Monday, May 22, 2000
Baja is amazing from the sea as well as the air. I can't believe all the secluded coastline we passed as we pulled in to La Paz. It's wonderful to see a place so spoilable and yet so unspoiled. We love the La Paz environs - all the coves, beaches, etcetera. The malecon and the city itself are also very attractive, and it is a long way from being a tourist haven. Just a quiet, prosperous city that really isnít near much of anything else.
We took a taxi from the ferry terminal to the malecon in La Paz, and then made perhaps our toughest hike this entire trip from there to the bus station - with our packs. It must have been five miles. The 90-degree heat and the toxic odor from two weeks' worth of used, seawater-soaked socks made it brutal.
We bought tickets just in time for the 11:00 a.m. bus to Todos Santos. It sounded like a cool place to spend the afternoon and night, but we missed the stop - a very brief stop, no terminal, nothing. Todos Santos looked kind of lame anyway, so no big deal. We ended up in Cabo San Lucas about 1:30 p.m. and decided to stay one night there.
Found a room at Hotel Marina. They were asking $58, but they quickly reduced it to $35 as we were walking away. The first room did not lock, which the staff found absolutely hilarious for some reason. The second room was much better and had a fridge - yippee! We are tired of drinking everything hot. There were a couple of geckos living in the closet, but they mostly left us alone. We had an excellent lunch at La Serenata down the street - generous-size New York strip and a big plate of shrimp for less than $10.
Another guest at Hotel Marina
In the afternoon we walked south toward Landís End, but the trail from the beaches is no trail at all. You must cross large, somewhat unstable, unmarked steep terrain. It was about 100 degrees and I was in no mood for that! No wonder everyone takes the water taxi. Instead, we went swimming at Playa Escondida, a beach popular with the locals, along with the little Mexican kids. The kiddie-pool strength waves were just our style. How do we keep finding these great places while all the other gringos are banished across the harbor, crowded too close together and paying way too much for refreshments? Weíre just lucky, I guess.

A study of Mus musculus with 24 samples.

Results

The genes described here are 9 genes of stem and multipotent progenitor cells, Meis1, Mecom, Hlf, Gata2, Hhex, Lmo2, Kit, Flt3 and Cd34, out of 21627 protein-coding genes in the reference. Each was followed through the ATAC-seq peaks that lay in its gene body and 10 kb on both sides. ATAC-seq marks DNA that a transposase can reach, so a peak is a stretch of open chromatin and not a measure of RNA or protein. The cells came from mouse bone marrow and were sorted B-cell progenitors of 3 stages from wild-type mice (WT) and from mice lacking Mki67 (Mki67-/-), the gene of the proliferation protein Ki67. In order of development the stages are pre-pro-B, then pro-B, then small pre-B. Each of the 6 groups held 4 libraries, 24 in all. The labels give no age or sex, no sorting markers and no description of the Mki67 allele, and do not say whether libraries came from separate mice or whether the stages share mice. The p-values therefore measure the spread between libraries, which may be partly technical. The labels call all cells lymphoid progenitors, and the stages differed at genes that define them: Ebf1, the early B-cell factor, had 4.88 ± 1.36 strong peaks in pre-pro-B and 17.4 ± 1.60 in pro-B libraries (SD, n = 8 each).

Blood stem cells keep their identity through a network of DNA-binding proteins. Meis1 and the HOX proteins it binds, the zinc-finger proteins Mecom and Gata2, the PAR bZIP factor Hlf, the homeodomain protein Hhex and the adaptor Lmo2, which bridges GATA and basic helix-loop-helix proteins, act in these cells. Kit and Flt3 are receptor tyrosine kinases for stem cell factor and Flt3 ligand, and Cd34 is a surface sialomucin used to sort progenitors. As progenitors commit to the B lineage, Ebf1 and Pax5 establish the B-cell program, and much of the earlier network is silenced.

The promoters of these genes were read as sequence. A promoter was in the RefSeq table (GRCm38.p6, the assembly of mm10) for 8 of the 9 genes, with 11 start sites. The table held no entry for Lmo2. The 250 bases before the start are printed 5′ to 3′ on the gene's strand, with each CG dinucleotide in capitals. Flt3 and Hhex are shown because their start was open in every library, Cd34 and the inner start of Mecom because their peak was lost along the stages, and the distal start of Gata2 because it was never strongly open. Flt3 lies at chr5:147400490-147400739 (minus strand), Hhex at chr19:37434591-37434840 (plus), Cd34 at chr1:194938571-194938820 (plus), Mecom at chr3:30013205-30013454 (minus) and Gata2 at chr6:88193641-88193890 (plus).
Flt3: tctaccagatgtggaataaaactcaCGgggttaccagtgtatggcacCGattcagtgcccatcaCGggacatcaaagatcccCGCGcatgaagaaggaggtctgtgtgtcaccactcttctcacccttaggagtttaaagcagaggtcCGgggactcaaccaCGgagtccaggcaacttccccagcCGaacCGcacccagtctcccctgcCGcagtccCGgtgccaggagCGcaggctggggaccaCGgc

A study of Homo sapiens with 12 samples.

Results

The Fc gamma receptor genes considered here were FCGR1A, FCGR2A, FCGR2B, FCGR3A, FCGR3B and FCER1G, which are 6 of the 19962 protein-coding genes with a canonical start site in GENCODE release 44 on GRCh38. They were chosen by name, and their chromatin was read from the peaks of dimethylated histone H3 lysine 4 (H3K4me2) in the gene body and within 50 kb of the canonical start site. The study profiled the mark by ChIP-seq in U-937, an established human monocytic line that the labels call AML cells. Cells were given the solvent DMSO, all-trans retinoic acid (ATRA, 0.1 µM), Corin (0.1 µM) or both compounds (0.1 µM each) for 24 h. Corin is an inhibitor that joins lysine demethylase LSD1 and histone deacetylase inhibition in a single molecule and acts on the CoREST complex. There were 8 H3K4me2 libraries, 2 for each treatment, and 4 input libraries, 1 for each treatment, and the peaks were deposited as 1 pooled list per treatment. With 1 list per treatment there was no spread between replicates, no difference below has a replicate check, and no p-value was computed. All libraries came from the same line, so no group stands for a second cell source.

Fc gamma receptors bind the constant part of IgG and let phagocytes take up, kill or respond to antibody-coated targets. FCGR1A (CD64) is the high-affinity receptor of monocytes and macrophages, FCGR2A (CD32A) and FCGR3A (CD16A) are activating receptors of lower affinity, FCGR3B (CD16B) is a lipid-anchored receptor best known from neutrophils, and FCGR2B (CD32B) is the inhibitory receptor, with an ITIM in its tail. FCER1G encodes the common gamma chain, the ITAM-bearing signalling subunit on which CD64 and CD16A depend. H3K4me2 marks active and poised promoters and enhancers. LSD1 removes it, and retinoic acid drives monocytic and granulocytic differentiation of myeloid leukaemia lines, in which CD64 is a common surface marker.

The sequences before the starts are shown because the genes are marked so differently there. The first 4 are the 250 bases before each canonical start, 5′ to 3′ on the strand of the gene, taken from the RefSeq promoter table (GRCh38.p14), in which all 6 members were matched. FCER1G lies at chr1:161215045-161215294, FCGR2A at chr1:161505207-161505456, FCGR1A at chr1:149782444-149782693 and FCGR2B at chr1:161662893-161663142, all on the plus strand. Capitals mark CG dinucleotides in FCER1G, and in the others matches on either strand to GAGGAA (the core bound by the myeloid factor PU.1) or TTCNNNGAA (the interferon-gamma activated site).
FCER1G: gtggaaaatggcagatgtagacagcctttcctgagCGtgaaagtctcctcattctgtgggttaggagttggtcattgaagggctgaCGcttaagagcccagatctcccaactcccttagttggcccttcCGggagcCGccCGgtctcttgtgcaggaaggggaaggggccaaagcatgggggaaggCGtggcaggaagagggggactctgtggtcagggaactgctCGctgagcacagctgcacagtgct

The locals' beach - Playa Escondida
Took a short siesta and decided to go out bar hopping. We tried to do some shopping, but the aggressive hucksters in Cabo San Lucas never sleep. We quickly tired of the whole hard-sell crap (didnít take long). We stopped in a drug store and saw a couple Americans trying to buy Viagra. The pharmacist was not amused, and proceeded as if she deals with these people a dozen times a day.
Obligatory shooter at the "Giggling Marlin"
After a brief stop at the Giggling Marlin, we finally ended up back at our lunch place, La Serenta. We chose seats where we could observe Sammy Hagarís Cabo Wabo bar, which is right next door. We were on the second floor, so we were able to look down on them literally as well as figuratively. Take note, guys - Cabo Wabo has a very large ratio of women to men. My guess for that night would be about four to one. The place kind of reminded me of a frat house, but with women.
Cabo San Lucas gets pretty loud late at night. Mexico makes us sleepy, though, so we managed to sleep through it.